196962 Measuring the impact of child care policy and practices

Wednesday, November 11, 2009: 11:30 AM

Allison Gertel-Rosenberg, MS , Health & Prevention Services, Nemours, Newark, DE
Andrew Tulchin, MBA , Social Enterprise Associates, Santa Fe, NM
Sara Olsen, MBA, MASW , Social Venture Technology Group, San Francisco, CA
How does your organization know if its child care programs and policy initiatives are having a measurable effect or value, particularly in comparison to the cost of doing the program? Nemours Health and Prevention Services (NHPS) set out to consider this question and calculate its value on child care programs and related policy in the state of Delaware.

This session draws upon the specific example where NHPS conducted an analysis of the work of the Child Care Team's programs and policy, specifically with regards to its work to reduce the incidence of children who are overweight, obese, and/or at risk of being so. The content area on the impact of policy practice towards achieving positive public health outcomes is a central component to this presentation.

The analysis itself will also be shared, including discussion of methodology and its implication for program activities. This includes exploring the process of conducting rigorous cost benefit analysis, measuring financial impacts of this work, expressing a return on investment, understanding the financial benefit breakeven point, and suggesting a social return on investment for conducting preventive health programs that seek to change public policy.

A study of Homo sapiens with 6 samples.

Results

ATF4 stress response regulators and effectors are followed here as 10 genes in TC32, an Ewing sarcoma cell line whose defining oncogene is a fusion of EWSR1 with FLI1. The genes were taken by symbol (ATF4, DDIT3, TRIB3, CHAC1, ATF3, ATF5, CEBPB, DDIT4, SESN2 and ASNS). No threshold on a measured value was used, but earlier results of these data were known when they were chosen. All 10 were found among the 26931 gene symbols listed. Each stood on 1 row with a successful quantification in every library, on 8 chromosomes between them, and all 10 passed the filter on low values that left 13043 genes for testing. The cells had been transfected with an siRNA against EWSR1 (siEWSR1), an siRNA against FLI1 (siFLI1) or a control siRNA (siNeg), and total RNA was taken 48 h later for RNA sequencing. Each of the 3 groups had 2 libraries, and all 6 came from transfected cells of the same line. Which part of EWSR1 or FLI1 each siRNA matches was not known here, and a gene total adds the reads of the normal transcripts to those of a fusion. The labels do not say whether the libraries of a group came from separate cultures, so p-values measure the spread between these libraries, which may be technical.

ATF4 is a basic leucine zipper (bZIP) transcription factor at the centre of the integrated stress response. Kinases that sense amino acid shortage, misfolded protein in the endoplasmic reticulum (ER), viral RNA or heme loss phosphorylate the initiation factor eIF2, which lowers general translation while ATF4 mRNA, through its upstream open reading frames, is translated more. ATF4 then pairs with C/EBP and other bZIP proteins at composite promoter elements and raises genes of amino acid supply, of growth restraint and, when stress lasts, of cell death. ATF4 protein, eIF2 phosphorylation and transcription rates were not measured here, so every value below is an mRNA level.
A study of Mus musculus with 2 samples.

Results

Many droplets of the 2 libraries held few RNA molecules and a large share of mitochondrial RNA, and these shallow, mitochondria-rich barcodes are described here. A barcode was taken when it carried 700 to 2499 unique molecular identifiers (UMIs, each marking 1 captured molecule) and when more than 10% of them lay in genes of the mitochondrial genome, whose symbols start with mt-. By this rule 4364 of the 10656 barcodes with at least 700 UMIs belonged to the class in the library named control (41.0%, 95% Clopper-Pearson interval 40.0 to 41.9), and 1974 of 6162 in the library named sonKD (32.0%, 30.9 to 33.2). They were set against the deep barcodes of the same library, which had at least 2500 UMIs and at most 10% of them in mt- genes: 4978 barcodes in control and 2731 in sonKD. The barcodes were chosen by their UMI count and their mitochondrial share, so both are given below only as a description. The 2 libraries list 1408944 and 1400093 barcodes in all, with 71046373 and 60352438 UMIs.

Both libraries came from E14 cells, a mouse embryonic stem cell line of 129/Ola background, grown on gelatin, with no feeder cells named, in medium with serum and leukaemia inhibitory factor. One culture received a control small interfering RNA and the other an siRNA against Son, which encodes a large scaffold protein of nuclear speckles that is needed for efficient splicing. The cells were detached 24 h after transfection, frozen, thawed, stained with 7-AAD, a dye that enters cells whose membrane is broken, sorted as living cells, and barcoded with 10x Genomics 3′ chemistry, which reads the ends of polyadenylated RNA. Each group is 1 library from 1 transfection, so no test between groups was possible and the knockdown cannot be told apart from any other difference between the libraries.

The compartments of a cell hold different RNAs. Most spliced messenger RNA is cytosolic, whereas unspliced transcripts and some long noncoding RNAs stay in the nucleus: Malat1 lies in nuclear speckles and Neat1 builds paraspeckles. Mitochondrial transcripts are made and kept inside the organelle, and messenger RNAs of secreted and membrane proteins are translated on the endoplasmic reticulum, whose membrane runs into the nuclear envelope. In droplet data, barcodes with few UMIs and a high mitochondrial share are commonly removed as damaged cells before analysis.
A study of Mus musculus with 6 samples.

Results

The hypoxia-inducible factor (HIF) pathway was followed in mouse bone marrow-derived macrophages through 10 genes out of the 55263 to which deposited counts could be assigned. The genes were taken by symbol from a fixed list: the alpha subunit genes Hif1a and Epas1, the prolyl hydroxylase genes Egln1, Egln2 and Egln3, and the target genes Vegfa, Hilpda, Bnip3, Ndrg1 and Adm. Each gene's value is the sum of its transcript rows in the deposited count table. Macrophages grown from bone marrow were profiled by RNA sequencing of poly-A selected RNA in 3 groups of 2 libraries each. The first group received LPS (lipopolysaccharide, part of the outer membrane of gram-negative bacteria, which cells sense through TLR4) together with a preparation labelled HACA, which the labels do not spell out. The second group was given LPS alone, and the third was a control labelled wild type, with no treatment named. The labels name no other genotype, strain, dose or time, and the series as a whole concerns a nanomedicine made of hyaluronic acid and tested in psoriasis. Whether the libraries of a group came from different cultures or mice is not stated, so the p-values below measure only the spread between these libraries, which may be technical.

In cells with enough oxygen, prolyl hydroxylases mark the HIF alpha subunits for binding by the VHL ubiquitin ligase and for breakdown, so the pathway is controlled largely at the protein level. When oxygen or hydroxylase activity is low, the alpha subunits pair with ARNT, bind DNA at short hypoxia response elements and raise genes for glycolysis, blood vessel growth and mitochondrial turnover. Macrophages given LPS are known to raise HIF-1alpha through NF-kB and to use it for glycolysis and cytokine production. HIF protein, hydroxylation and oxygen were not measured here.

The session will conclude by assessing the importance of such investigations, their value for the organization, the benefits for public health initiatives, and how such analysis might continue to be of value for this field.

Learning Objectives:
Analyze the value of the work done by Nemours Health and Prevention Services (NHPS) Child Care Policy Team to reduce overweight, obese and at risk youth as measured by body mass index (BMI). Demonstrate an investigation that sought to quantify cost/benefit of public health work by including the monetized value expressed as social return on investment (SROI). Explain how the analysis was done that included results including the program costs provided a 3.6 to 1 return on investment compared to health care cost savings, the implications on the organization from doing such an analysis, and how it can contribute to public policy.

Keywords: Child Care, Policy/Policy Development

Presenting author's disclosure statement:

Qualified on the content I am responsible for because: I currently serve as a Senior Special Assistance and Policy Analyst in the Office of the Senior Vice President at Nemours Health and Prevention Services. I am responsible for serving as a liaison between of the Office of the Senior Vice President and the Division's five operational centers to ensure integration of projects and alignment with overall strategic direction; acting as an advisor on important strategic and operational matters; managing the SROI initiative; and managing special projects including national collaborations.
Any relevant financial relationships? No

I agree to comply with the American Public Health Association Conflict of Interest and Commercial Support Guidelines, and to disclose to the participants any off-label or experimental uses of a commercial product or service discussed in my presentation.